By HospiMedica International staff writers
Posted on 18 May 2022
Image: MAZOR X Stealth Edition is a robotic guidance system for spinal surgery (Photo courtesy of Medtronic)

As personalized medicine continues to garner more importance in the field of health care, orthopedic surgeons use advances in imaging technology, coupled with the latest robotics capabilities, to improve the likelihood of achieving successful outcomes for patients undergoing spinal surgery. By utilizing robotic systems and other advanced technologies, many spine surgeries may be performed in a minimally invasive fashion, which is associated with numerous advantages including: less damage to muscles, reduced blood loss and operative time, decreased complication rates, quicker recoveries, and ultimately better clinical outcomes. Now, a novel technology allows orthopedic surgeons to upload preoperative CT scans of patients into a next generation robotic platform to plan out the procedure in advance and calculate trajectories of implants for spinal operations like fusions, which allows for the placement of screws more safely and accurately.

The Mazor X Stealth Edition from Medtronic plc (Dublin, Ireland) offers a fully-integrated procedural solution for surgical planning, workflow, execution and confirmation of spine surgeries. With features such as customizable implant selection, optimal implant trajectories and 3D analytics, planning allows surgeons to work towards construct optimization and make the procedure predictable. The revolutionary new technology uses cutting-edge software to plan the surgical procedure, then uses a robotic arm to guide implants and instruments through the steps of the surgical process with precision, while simultaneously using real-time imaging feedback to ensure the plan is being carried out as desired.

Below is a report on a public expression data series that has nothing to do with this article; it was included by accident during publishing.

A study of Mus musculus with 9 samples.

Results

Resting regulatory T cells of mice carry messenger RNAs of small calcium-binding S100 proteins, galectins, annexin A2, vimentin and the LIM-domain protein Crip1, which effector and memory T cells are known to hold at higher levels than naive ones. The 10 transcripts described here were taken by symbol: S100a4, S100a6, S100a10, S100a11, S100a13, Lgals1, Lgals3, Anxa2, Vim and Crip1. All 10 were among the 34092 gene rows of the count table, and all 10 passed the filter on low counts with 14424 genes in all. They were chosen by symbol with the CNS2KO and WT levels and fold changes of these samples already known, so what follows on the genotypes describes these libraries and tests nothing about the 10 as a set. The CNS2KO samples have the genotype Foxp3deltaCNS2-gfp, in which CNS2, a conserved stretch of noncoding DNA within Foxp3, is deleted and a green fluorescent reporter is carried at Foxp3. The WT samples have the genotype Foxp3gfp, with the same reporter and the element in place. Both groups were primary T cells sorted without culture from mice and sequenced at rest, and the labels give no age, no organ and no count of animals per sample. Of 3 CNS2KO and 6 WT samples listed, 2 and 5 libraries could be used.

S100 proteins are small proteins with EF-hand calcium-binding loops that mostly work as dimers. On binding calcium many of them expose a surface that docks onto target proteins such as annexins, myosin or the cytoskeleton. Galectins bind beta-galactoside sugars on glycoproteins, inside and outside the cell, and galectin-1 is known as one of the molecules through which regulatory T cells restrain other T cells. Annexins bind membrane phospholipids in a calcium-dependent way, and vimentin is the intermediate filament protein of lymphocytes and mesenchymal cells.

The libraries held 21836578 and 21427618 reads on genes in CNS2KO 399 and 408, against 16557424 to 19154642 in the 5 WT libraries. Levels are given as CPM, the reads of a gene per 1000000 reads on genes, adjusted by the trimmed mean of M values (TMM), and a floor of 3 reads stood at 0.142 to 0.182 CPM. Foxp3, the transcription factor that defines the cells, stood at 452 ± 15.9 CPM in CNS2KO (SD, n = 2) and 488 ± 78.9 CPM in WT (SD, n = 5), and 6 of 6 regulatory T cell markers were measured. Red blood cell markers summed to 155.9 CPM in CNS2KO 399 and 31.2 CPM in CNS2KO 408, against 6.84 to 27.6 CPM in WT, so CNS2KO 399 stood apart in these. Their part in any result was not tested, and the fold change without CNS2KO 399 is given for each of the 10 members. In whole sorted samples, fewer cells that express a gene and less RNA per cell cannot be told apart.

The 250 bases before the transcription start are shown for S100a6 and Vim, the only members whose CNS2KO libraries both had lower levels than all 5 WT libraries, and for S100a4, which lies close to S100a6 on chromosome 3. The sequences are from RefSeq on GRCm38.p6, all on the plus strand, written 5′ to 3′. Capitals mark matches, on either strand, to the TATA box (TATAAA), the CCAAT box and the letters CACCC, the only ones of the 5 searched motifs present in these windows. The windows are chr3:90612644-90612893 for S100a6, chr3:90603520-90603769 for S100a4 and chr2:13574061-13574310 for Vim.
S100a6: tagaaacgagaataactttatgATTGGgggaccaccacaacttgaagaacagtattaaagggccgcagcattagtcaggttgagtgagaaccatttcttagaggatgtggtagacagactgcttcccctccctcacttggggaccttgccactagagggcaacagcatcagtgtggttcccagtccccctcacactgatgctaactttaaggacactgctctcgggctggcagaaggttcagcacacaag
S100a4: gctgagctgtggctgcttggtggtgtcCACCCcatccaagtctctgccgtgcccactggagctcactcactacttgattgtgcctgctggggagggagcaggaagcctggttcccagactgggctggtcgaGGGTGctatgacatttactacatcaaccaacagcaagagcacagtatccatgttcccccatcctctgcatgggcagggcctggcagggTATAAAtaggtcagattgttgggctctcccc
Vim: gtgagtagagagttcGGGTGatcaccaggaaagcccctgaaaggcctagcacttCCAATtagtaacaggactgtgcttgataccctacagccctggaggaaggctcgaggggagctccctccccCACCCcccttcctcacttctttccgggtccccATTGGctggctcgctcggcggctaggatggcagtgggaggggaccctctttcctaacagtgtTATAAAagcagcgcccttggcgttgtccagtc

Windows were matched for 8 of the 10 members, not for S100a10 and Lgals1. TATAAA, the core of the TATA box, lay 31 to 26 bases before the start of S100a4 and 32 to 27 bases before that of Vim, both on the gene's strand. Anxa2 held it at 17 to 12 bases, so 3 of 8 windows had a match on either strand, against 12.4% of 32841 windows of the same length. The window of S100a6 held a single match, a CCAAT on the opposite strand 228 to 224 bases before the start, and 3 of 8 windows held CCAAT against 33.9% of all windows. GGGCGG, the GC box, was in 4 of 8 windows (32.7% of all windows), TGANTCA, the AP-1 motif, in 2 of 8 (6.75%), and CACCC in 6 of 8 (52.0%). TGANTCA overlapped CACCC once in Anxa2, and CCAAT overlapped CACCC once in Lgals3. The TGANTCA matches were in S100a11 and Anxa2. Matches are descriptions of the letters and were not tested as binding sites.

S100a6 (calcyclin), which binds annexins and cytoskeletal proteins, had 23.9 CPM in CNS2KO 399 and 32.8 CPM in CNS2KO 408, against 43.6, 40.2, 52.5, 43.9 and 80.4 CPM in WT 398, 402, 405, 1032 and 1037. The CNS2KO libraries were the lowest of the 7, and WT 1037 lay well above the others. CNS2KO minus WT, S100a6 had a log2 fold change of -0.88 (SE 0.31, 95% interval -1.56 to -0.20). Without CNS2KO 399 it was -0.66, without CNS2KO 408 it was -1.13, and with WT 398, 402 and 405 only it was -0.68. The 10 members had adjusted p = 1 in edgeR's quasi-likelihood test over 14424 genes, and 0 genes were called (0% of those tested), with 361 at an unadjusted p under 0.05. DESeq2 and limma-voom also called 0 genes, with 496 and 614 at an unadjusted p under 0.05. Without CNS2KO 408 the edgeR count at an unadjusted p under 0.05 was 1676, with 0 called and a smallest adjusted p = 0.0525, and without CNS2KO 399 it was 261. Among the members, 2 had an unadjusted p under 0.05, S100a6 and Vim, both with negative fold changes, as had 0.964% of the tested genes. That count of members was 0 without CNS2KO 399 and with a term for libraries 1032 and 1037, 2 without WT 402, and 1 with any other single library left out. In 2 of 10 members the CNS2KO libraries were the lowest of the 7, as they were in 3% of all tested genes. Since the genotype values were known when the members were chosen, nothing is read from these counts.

The Mazor X Stealth Edition operates on three principals: first, the surgeon can plan and visualize the surgery beforehand to study multiple levels and the entire process; second, the robotic guidance system will be an extension of the doctor during the process and is intended to enable execution with precision; and third, the doctor can visualize progress in real-time. State of the art registration and mechanical stability are critical to establish robotic precision. The Mazor X platform secures a closed-loop connection between the bed-mounted robotic arm, the patient secured on the bed, and a rigid fixation between the robot and patient’s skeletal anatomy. The robot is table mounted for a small OR footprint.